Did you know that hard water in your home will cause mineral buildup in plumbing, water heaters, and fixtures? If you are currently dealing with hard water and are now looking into a water softener system to help with this nuisance, you are in the right place. We have put together this short guide to teach you about the most common types of water softeners.
Keep reading to learn the differences between the most common softener systems and we will also cover a little bit more about how does a water softener works.
Table of Contents
1. Ion Exchange
This type of water softener system is one of the most popular types of water softeners out there. An ion exchange system uses resin, salt, electricity, and a discharge line. An ion exchange system has been used for decades to soften water.
The way it works is that the magnesium and calcium ions that make up most of hard water are charged with positive ions. Then resin inside the ion exchange tank is negatively charged, which means, that the magnesium and calcium also become negatively charged. This is what gives you soft water.
You can check out the Culligan water softener if you are interested in an ion exchange system.
2. Dual-Tank Softeners
This system will run at all times and it is best for facilities that need a constant supply of water or for a larger household. Usually, when the water is regenerating in other options, you will have zero access to soft water but with a dual-tank system, you won’t have to worry about this.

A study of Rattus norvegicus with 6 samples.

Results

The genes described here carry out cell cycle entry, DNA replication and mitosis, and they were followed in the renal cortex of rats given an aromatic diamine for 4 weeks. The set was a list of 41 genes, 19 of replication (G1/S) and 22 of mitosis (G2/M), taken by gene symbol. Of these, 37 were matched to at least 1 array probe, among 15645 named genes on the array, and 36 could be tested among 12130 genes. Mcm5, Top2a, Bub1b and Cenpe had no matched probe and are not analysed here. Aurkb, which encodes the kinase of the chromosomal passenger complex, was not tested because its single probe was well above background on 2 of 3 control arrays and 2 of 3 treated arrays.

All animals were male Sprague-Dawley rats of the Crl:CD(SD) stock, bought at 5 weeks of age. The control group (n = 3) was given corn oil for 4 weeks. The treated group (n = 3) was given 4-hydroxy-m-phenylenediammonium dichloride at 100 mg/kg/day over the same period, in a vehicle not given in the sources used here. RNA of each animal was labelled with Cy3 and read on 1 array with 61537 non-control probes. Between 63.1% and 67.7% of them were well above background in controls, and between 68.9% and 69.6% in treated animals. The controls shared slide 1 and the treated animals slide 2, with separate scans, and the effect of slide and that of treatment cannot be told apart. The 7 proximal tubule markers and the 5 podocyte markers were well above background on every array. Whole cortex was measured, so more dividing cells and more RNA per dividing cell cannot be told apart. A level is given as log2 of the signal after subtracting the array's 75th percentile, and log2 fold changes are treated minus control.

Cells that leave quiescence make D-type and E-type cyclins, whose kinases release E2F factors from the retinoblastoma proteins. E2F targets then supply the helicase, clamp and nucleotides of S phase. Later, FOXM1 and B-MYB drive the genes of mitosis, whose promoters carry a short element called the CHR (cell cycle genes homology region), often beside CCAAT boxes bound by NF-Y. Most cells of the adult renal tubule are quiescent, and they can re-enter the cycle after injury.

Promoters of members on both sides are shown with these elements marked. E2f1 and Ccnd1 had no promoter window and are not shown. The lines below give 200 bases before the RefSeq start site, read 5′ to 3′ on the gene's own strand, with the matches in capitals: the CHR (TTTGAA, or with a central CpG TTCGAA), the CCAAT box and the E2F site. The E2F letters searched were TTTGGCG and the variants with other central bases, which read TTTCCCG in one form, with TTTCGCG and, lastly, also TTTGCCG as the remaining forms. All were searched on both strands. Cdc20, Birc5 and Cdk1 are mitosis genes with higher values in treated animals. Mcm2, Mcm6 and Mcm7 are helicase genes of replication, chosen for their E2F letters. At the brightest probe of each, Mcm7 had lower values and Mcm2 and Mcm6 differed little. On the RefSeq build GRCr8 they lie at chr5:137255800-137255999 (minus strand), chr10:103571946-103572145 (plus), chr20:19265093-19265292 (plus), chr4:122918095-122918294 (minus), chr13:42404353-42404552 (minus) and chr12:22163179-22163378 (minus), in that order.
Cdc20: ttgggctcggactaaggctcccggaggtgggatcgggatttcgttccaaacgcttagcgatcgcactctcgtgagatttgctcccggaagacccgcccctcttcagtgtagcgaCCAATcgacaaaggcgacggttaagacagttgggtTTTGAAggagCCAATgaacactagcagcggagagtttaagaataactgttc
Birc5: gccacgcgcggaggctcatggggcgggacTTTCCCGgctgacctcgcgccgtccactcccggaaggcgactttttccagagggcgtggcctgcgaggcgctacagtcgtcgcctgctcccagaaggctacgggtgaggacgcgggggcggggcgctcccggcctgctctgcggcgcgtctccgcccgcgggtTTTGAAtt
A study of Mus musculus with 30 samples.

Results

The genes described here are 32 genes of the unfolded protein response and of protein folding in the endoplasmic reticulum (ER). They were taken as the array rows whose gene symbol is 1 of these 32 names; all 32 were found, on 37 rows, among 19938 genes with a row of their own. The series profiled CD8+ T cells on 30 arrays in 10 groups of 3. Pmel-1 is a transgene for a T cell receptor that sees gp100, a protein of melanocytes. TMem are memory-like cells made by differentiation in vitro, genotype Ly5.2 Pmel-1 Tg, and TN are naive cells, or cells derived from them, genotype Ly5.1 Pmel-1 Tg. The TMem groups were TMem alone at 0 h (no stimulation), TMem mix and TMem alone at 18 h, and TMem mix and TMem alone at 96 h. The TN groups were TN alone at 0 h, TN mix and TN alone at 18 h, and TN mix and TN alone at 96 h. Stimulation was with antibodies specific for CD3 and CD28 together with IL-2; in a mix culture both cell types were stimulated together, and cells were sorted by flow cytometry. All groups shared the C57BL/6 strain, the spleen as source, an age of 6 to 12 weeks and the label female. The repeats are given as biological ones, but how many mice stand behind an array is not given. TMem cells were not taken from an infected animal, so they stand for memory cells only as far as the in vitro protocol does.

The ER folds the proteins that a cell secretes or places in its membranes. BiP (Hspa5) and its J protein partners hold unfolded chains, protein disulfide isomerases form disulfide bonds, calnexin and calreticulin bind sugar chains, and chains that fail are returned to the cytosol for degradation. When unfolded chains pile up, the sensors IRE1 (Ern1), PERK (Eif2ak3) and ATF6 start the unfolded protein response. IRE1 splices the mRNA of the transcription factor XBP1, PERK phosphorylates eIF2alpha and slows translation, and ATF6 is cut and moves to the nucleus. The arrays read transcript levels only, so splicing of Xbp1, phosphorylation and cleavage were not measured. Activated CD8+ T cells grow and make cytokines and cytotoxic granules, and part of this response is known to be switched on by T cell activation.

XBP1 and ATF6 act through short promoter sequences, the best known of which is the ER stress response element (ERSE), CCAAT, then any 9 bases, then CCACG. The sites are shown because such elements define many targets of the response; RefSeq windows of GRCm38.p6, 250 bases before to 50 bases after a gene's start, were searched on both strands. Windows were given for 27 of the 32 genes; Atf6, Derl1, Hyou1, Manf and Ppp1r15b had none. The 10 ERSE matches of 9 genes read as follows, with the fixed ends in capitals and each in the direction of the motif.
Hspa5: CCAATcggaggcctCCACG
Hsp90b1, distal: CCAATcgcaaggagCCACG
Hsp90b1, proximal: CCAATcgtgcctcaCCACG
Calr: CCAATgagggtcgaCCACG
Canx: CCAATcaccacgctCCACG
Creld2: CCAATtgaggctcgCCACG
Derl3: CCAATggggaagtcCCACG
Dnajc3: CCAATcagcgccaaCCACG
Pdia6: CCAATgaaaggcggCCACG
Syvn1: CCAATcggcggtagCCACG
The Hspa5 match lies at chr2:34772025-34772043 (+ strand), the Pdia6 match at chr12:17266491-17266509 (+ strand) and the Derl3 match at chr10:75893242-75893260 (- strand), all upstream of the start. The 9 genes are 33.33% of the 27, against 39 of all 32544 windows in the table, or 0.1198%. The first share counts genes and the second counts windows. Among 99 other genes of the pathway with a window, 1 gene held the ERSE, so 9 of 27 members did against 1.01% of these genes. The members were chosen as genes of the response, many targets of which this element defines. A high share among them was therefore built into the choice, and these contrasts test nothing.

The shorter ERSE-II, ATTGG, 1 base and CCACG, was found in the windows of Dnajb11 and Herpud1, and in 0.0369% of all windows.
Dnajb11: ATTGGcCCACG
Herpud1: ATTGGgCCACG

If you want something that is more environmentally friendly then an electromagnetic softener is your answer. These systems do not require any salt replacements or a discharge line. Another pro is that the installation is a lot easier than an ion exchange system.
The way this system works is that it uses strong magnetic fields to change the structure of the calcium and magnesium found in hard water.
4. Salt-Free Softener
With this option, you will not have to continuously upkeep it because it does not regenerate salt. The way this system works is by neutralizing the hard minerals found in the water to help prevent the minerals from sticking together and creating buildup.
These systems tend to be a bit more expensive because you never have to worry about adding large bags of salt or doing upkeep every week. In the long run, they will end up costing you less than other systems that are cheaper upfront.
Now You Are Familiar With the Different Types of Water Softeners
We hope that now that you are aware of the different types of water softeners, you can make an informed decision on which system is best for your needs.